The Agrifood Atlas: how corporations are tightening their stranglehold on people’s food
New research published today shows the dramatic impacts of the global food system being rapidly monopolised by ever-fewer, ever-larger corporations at every stage of the food chain. This alarming trend poses risks to consumer choice, jobs and working conditions and food production in the future, warn the authors of the Agrifood Atlas.
Between 2015 and 2016, five of the largest 12 mergers between publicly-traded companies came in the agrifood sector, with a total value of almost US $500 billion.
The authors raise concerns that the growing consolidation in the food chain is causing:
- Less consumer choice: increased monopolies are putting the food chain into even fewer hands. Almost half of all food sold in the EU comes from just ten supermarket chains and 50 food processing companies account for half of all global food sales. Only four companies produce 60% of the world’s baby food.
- A risk to future food production: merged agrifood corporations are driving industrialisation along the whole food chain, with 20% of the world’s agricultural land now degraded.
- Job cuts and low wages: The current wave of mergers in the processing industries – such as Kraft-Heinz and AB Inbev-SAB Miller – were driven by cost saving calculations, and led to thousands of job cuts.
- Price pressure through buyers’ cartels: Food retailers and processors put pressure on their suppliers, squeezing out smaller producers, and poor working conditions and low pay exist along the food chain. Around 80% of the global tea market is controlled by just three corporations.
- A situation where the poorest stay hungry despite an oversupply of food. The global harvest of edible crops is today equal to around 4,600 kcal per person per day – but more than half of this is lost in storage, via distribution, food waste and being fed to livestock.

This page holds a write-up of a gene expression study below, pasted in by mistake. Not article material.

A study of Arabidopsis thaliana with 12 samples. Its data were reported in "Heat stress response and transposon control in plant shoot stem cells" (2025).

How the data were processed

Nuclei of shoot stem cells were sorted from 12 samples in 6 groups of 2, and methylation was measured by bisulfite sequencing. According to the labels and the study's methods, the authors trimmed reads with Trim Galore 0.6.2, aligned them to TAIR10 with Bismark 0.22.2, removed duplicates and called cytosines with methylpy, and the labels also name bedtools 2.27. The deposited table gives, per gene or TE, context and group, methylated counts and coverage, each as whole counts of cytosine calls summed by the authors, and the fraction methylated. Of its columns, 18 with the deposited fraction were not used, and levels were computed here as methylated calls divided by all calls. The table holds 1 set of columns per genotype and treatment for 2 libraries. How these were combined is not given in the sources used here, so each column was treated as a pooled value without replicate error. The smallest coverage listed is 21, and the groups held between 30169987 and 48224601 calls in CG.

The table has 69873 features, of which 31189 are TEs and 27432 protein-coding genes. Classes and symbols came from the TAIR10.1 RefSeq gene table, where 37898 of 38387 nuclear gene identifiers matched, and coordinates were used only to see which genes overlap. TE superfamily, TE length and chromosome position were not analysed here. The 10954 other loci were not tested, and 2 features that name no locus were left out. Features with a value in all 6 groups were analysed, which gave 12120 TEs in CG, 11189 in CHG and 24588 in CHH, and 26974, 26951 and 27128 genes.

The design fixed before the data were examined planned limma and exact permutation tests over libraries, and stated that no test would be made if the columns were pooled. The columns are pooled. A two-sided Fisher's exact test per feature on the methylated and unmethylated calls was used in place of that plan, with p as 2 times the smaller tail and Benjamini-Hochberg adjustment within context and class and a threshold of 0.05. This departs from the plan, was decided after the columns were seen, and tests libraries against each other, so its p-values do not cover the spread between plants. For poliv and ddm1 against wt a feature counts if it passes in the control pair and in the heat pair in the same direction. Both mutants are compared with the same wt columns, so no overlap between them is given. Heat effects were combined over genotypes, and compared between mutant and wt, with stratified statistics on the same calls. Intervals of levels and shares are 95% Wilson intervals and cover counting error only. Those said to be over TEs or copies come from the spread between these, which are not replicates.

The report comes as the European Commission faces a crunch decision on whether to authorise the potential Bayer-Monsanto mega-merger, and after Agriculture Commissioner Phil Hogan’s announced intention to rein in supermarkets’ outsize buying power.
Mute Schimpf, food campaigner at Friends of the Earth Europe said: “The increasing size and power of agri-food corporations threatens the quality of our food, the working conditions of the people producing it, and our ability to feed future generations. The EU can play a leading role in rejecting these consolidations. An alternative food system is possible and is being built by local food producers and citizens across Europe, creating safe jobs and greener farms.”
Oliver de Schutter, co-chair of the International Panel of Experts on Sustainable Food Systems (IPES-Food) said, “This report should be a wake-up call for anyone who cares about their food, countryside and rural livelihoods. We are seeing an unprecedented surge in mergers and acquisitions in the food and farm sectors that will have major impacts on what we eat and what food we grow in the future. We need an urgent debate and the proactive involvement of regulators to protect the public interest, workers and the environment.”
Benjamin Luig, Coordinator of the Food Sovereignty Programme at the Rosa Luxembourg Foundation said: “The report reveals a largely ignored dimension of agri-food sector restructuring. Private equity firms – rather than companies’ shareholders – are increasingly driving concentration in the agri-food sector. Since 2004, one investment group, 3G capital, has led or accompanied mergers which have created the world’s largest beer company (AB InBev), the third-largest fast food company (Burger King), and the fifth-largest food processor (Kraft-Heinz). Massive job cuts and the closing of bottling stations in the beverage industry are part of the plan. We urgently need regulations that limit the grip of the financial sector over the agrifood sector.”
Barbara Unmüßig, President of the Heinrich Böll Foundation said: “Mergers and market concentration in the agricultural sector are skyrocketing – land concentration, monocultures and an almost complete dependency of farmers and consumers on corporate decisions are the alarming consequences. As a result, global biodiversity and the variety and independence in our food chain are at risk. Activists fighting for the right to access to water, land and seeds are met with ever more violent public or private repressions all across the world.”